He’s the young god with a head full of golden curls. Apollo is known as the god of the Sun, and has a place in both ancient Greek and Roman mythology. As one of the most significant and varied god of Olympus, Apollo is often associated with light, the sun, truth, prophecy, medicine, healing, music, poetry, and the arts. In this article, you will learn more about the golden god, including his parentage and twin sibling.

His Family

Apollo was born to Zeus and Leto along with his twin sister, Artemis , known as the goddess of the hunt. Greek mythology places his birthplace as the Greek island of Delos. Other tales place him as arriving in the world on the islands of Laton, which are now known as Paximadia , off of the southern coast of Crete.

His Powers and Symbols

Apollo is known for driving a chariot across the sky on a daily basis, which has connections to an earlier pre-Greek Sun god called Helios. The Sun is one of his symbols, as is his bow and lyre , a musical instrument that was popular during ancient Greek days. The lyre was actually created just for him (by Hermes), and it soon became the instrument of choice for representing the god. Other symbols used to represent Apollo include the laurel wreath, ravens, and arrows with a bow.

Strengths and Weaknesses

Apollo was full of creativity and possessed handsome features, yet he was like his father Zeus, where he had a weakness for the ladies. Craving for the company of nymphs, he has a handful of myths that highlight some of his ‘conquests.’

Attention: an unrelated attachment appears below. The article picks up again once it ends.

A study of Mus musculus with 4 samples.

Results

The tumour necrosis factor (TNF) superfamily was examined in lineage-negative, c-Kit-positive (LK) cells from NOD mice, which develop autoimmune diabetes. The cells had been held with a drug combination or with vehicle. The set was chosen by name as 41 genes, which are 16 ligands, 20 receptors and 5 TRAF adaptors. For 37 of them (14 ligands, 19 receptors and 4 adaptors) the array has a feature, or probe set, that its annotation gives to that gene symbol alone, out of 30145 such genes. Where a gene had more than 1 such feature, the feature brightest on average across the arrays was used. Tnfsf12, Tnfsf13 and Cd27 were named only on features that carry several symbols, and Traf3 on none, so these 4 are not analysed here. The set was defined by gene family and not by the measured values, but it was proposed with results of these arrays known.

Connection to Medicine

Apollo was often associated with medicine and healing, and had an ironic twist to his character. While he possessed the ability to care for the sick and injured, he also had the capacity to cause illness, poor health, and deadly plagues.

Apollo’s Love Connections and Children

While Apollo was a god of many physical encounters, he never took a woman or goddess as his wife. Some of the women that have caught his eye have included Cassandra (whom he gave the gift of prophecy), Daphne (who fled from him and was transformed into a laurel tree), and Calliope, who became the mother of his child, Orpheus (who was known for his singing). Another child who is depicted in myths is Asklepios , the god of healing.

Leader of the Muses

Apollo was known as the leader of the Muses , something that came with the territory of being heavily involved with the arts. He was the director of their choir and was seen as the patron god of music and poetry.

Temple Sites

Still standing today, a visit to the mountain town of Delphi will place you in the midst of a handful of columns belonging to an early temple once devoted to Apollo. The island of Delos is also sacred to the god, yet no temple remains in his honor.